Picture Books for Middle and High School? Wait, What?

This book is specifically for teachers of teens because most middle school and high school teachers think of picture books as strictly for toddlers and most certainly for preschool and early elementary students. Well, that is the case in many instances, yet it is surprising to learn how many picture books are actually suitable and appropriate for teens.

The picture books included in Picture Books for Middle and High School? Are You Kidding? are short, poignant and thought-provoking. They are great for discussion starters especially in the high school. Picture books contain an average of 32 to 40 pages with pictures appearing on every page or every two-page spread. With so few pages – the text of a picture book is critical. With a minimal number of words, it must tell a very complete and clear story in order for the illustrator to “get it right.”

I have reviewed over 525 picture books and organized the titles by seven subject areas: science, math, history, language arts, the arts, character, and miscellaneous. Some categories have sub categories for further clarification.

It is important to highlight the artwork in picture books – much of which is art gallery quality. Sometimes it is very apparent from the cover art who the illustrator is – as the artistic work is very unique.
These particular books, that I have identified and listed, are really not suitable for preschool – elementary school students but are more appropriate for middle and high school students. There are those that detail the suffering of war, slavery, civil rights, immigration, poverty, homelessness, bullying, and mental illness. The picture book – Rose Blanche would not be suitable for kindergarten.

Librarians know all there is to know about picture books but my research has shown that most middle and high school teachers are unfamiliar and therefore unaware of the value picture books could have in their content area courses.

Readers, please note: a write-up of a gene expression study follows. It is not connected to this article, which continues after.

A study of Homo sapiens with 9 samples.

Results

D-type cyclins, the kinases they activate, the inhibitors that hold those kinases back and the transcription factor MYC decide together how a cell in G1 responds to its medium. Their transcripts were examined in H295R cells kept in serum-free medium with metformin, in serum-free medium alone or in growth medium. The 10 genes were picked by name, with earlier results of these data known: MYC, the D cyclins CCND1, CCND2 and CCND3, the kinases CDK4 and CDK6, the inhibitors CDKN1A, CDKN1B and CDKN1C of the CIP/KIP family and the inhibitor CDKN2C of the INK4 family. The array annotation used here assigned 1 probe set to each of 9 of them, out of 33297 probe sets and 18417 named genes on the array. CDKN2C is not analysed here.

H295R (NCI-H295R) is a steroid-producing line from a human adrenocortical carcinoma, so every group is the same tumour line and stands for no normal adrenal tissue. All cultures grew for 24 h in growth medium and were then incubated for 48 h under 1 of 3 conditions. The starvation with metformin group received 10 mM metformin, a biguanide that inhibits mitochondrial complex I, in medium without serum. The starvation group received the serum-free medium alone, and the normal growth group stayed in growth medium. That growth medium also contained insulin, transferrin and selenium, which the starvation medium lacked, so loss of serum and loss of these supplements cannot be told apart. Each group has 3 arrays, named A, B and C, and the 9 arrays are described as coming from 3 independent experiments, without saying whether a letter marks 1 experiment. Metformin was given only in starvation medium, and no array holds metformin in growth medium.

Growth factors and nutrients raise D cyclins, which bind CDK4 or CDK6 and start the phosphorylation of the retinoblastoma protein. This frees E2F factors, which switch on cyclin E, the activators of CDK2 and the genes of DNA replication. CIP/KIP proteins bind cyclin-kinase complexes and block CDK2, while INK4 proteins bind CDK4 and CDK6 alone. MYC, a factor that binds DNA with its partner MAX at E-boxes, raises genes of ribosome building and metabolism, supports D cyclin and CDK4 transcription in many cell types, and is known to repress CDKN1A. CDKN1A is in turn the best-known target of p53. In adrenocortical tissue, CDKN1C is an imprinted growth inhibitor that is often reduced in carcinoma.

Picture books can be used to:

  • start a discussion about historical events
  • give background information on the discovery of inventions
  • give insight to famous people
  • provide a better understanding of geographical locations
  • develop character traits
  • highlight math concepts
  • embellish and enhance grammar lessons
  • feature poetry styles
  • bring new clarity to concerning issues
  • model various types of writing
  • generate ideas for creative writing
  • introduce sophisticated concepts and ideas
  • demonstrate succinct, rich language
  • demonstrate writers’ craft: setting, foreshadowing, characterization, theme, plot, conflict, point of view, etc. because of brief, explicit text and supportive illustrations
  • demonstrate alliteration, personification, simile, metaphor, illusion, irony, parallel structure, understatement, hyperbole, and onomatopoeia because of brief text and beautiful illustrations

Picture books are short enough to easily become part of any lesson. Another important feature – picture books are just plain entertaining.